Megan Murduck, a fresh-faced 23-year-old, has plans to change Catonsville Emergency Food Ministries Network as she steps up as the organization's new executive director.
"Overall, we're a Band-Aid program, and I'd like to take some steps to promote self-sufficiency in the community," said the Ellicott City resident.
The Catonsville organization was established in 1984 by Alice March and several friends in the basement of her Catonsville home, according to a 2006 release from the organization. The organization, once known as Catonsville Emergency Food Ministries Network, has since changed its name to CEFM Network. It has no religious affiliation.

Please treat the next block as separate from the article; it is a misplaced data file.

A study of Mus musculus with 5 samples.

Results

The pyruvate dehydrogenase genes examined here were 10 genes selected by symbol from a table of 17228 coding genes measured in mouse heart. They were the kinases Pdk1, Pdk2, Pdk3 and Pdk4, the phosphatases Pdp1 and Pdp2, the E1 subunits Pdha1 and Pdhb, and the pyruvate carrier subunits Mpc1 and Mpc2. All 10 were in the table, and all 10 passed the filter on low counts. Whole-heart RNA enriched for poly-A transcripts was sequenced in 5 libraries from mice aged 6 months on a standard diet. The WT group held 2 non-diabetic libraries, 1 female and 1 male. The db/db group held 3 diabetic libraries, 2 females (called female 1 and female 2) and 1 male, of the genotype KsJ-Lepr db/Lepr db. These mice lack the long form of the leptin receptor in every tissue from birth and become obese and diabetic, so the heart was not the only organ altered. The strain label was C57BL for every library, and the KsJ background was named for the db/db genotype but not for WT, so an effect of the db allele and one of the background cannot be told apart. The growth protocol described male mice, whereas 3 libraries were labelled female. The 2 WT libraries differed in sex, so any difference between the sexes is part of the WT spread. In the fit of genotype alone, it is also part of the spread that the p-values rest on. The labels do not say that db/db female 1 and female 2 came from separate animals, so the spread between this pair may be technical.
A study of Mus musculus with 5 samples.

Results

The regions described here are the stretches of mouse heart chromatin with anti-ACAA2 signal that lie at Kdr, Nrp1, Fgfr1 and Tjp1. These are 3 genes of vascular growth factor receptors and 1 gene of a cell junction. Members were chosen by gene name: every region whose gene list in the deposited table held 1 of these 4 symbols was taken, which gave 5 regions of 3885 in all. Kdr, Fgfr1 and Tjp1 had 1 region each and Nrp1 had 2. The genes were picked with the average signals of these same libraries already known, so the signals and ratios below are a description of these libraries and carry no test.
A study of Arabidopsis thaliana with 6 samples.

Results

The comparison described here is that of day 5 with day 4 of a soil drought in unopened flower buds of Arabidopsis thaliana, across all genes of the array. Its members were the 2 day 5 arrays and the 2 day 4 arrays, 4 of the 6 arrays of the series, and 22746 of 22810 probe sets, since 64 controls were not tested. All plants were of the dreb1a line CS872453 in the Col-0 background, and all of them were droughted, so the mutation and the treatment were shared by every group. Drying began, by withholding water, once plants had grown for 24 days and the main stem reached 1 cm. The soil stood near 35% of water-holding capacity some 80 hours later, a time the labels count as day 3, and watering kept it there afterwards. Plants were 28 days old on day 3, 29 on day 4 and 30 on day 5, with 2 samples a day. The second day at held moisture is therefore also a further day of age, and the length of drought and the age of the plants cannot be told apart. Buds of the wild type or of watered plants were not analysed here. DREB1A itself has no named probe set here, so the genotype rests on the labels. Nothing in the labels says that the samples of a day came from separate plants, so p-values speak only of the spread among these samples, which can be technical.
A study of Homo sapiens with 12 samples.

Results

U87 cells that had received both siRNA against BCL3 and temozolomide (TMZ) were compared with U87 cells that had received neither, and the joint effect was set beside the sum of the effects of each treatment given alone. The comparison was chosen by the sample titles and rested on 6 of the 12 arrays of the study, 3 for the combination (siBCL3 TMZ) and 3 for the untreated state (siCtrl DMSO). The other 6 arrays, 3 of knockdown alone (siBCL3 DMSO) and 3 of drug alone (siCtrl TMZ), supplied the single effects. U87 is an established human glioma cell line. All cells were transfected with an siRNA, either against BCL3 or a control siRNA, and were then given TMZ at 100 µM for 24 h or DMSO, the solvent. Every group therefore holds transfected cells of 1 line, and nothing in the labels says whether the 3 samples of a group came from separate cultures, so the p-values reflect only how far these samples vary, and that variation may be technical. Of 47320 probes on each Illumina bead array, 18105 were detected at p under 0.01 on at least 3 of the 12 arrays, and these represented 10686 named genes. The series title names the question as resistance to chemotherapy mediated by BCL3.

It offers food assistance, as well as funds for eviction prevention, utility assistance and miscellaneous expenses.
The organization provides assistance to people below 80 percent of the median income and serves between 1,200 and 1,400 individuals a year.
CEFM Network relies on its network of volunteers and its board, which is comprised of 10 volunteers, Murduck said.
John Monck, who ran the organization for 10 years, passed the baton to Murduck on Jan. 2. He was still showing her the ropes last week at the Bloomsbury Avenue office the group has occupied since 2006.
"It's good to have someone that's young and energetic," Monck said. "I think it will be good for the organization to have somebody new here.
"Even if she tried things that I tried seven years ago and they didn't work, they might work now," he said.
Monck said he's leaving for personal reasons but may continue volunteering for the organization.